Antimalarial Drug Boosts Glioblastoma Treatment


Glioblastoma multiforme (GBM) is an especially aggressive form of cancer that is difficult to treat.

With currently available therapies, the 5-year survival rate for people with GBM is 5.6%. Doctors currently have no way of preventing the recurrence of the disease.

Experts estimate that malignant brain tumors and cancers of the central nervous system — 81% of which are glioblastomas — kill 241,000 people each year worldwide.

New research finds that lumefantrine, a drug approved by the Food and Drug Administration (FDA) to combat malaria, can enhance the effectiveness of the primary drug used to treat GBM.

The study’s principal investigator, Prof. Paul Fisher, chair of the Virginia Commonwealth University’s Department of Human and Molecular Genetics, explains that his team had been investigating whether approved pharmaceuticals could help weaken GBM’s resistance to chemotherapy.

“Our studies uncovered a new potential application of the antimalarial drug as a possible therapy for [GBM] resistant to the standard of care, entailing radiation and temozolomide.”

The findings appear in in the journal Proceedings of the National Academy of Sciences of the United States of America.

Overcoming GBM’s Resistance

The current standard of care for treating GBM is radiation combined with chemotherapy, specifically temozolomide. Together, they can marginally extend the life expectancy of people with GBM, but the disease is often resistant to the treatment.

The authors of the study found that adding lumefantrine to in vitro treatment of glioblastoma cells with radiation and temozolomide killed the cancer cells and suppressed their new growth.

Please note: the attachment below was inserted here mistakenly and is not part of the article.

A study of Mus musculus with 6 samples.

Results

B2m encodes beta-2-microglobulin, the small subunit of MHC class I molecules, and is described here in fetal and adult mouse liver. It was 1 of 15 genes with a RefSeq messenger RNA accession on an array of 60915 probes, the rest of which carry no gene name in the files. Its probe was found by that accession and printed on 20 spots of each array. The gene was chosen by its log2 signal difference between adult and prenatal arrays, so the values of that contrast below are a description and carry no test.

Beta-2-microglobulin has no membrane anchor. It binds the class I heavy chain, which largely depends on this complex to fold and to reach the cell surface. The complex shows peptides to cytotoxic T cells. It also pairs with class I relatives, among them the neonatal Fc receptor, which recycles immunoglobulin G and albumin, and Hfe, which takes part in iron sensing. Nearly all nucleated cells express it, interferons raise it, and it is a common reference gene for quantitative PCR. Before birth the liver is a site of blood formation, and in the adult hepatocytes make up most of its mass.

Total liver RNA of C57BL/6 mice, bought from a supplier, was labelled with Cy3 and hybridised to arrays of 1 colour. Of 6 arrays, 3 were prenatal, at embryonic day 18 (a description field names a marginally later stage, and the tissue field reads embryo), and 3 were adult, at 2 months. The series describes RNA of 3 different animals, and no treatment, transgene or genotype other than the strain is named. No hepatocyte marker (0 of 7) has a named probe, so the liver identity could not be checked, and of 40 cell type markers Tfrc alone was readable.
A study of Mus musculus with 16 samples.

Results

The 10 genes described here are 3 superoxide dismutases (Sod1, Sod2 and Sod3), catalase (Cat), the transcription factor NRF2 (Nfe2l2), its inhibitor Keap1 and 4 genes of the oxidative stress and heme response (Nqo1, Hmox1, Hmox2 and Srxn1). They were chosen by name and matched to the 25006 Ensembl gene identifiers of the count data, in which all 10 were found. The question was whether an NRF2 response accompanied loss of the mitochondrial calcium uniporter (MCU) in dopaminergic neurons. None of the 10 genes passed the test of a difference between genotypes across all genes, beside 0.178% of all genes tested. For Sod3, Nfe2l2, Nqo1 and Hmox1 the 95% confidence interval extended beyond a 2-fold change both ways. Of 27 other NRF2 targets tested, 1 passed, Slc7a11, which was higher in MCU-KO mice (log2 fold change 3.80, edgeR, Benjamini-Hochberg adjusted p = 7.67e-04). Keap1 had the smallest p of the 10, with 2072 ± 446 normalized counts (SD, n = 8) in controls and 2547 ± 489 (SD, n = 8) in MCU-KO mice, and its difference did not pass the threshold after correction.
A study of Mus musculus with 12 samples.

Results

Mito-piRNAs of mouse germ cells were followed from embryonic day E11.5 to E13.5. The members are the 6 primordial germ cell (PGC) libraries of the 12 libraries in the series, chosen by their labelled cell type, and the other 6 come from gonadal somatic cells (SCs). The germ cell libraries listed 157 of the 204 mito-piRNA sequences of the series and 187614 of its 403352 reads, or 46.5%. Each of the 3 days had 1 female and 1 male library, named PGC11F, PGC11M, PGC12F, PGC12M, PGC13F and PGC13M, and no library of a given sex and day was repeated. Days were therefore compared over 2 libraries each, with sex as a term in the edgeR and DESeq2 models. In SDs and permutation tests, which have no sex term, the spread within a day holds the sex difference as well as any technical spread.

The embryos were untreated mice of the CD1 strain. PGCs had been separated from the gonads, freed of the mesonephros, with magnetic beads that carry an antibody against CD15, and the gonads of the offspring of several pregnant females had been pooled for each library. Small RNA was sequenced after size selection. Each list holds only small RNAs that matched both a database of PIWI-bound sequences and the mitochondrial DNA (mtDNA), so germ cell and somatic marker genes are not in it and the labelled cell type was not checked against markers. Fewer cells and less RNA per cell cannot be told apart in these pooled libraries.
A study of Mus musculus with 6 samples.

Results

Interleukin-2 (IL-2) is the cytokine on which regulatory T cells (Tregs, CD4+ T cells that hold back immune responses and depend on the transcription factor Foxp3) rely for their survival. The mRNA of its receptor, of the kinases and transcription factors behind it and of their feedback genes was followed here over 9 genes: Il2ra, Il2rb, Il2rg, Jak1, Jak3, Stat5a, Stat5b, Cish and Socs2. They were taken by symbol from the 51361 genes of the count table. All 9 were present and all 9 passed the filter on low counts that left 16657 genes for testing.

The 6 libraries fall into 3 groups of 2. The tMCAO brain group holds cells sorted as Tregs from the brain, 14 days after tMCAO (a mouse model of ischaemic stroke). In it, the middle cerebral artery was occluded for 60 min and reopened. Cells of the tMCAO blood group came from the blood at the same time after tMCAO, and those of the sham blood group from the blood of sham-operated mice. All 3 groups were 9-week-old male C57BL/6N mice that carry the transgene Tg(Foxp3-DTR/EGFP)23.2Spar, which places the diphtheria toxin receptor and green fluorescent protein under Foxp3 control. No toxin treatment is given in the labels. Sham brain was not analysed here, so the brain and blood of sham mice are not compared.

Moreover, the combined approach had this effect on glioblastoma cells that would otherwise have been resistant to treatment, as well as to those that would have been sensitive to it.

In vivo experiments further confirmed the effect. The researchers transplanted human GBM into the brains of the mice and, again, the combination of radiation, temozolomide, and lumefantrine proved successful at killing both sensitive and resistant glioblastoma cells and suppressing further growth.

Heat Shock Protein B1 & Fli-1

Lumefantrine apparently inhibits a newly identified genetic element, Fli-1. This, researchers say, is involved in the development and progression of cancer and can promote glioblastoma’s resistance to radiation and temozolomide.

Genetic and molecular approaches revealed that Fli-1 regulates the expression of heat shock protein B1 (HSPB1).

This protein is common in glioblastoma tumors and may contribute to the development of GBM — including that resistant to treatment — because it can regulate extracellular matrix remodeling and epithelial-mesenchymal transition, according to the study’s authors.

It was the search for a Fli-1 inhibitor that ultimately led the researchers to lumefantrine.

Lumefantrine is toxic to cells, but selectively so, and this is why it is a good candidate as a cancer therapy. The authors say that the readily available drug can be easily repurposed for use in glioblastoma treatment.

Where This Research May Lead

The researchers are encouraged by their findings.

“These preclinical studies provide a solid rationale for Fli-1/HSPB1 inhibition with lumefantrine as a potential novel approach for glioblastoma management,” says Prof. Fisher.

It may also turn out that GBM is just the beginning for lumefantrine, suggests Prof. Fisher, who adds, “The present results may have broader implications than just treating glioblastoma.”

As Fli-1 also appears at elevated levels in other cancers, including melanoma, ovarian cancer, and breast cancer, lumefantrine could potentially play a role in their treatment. However, further research into lumefantrine’s cancer-fighting potential will be required.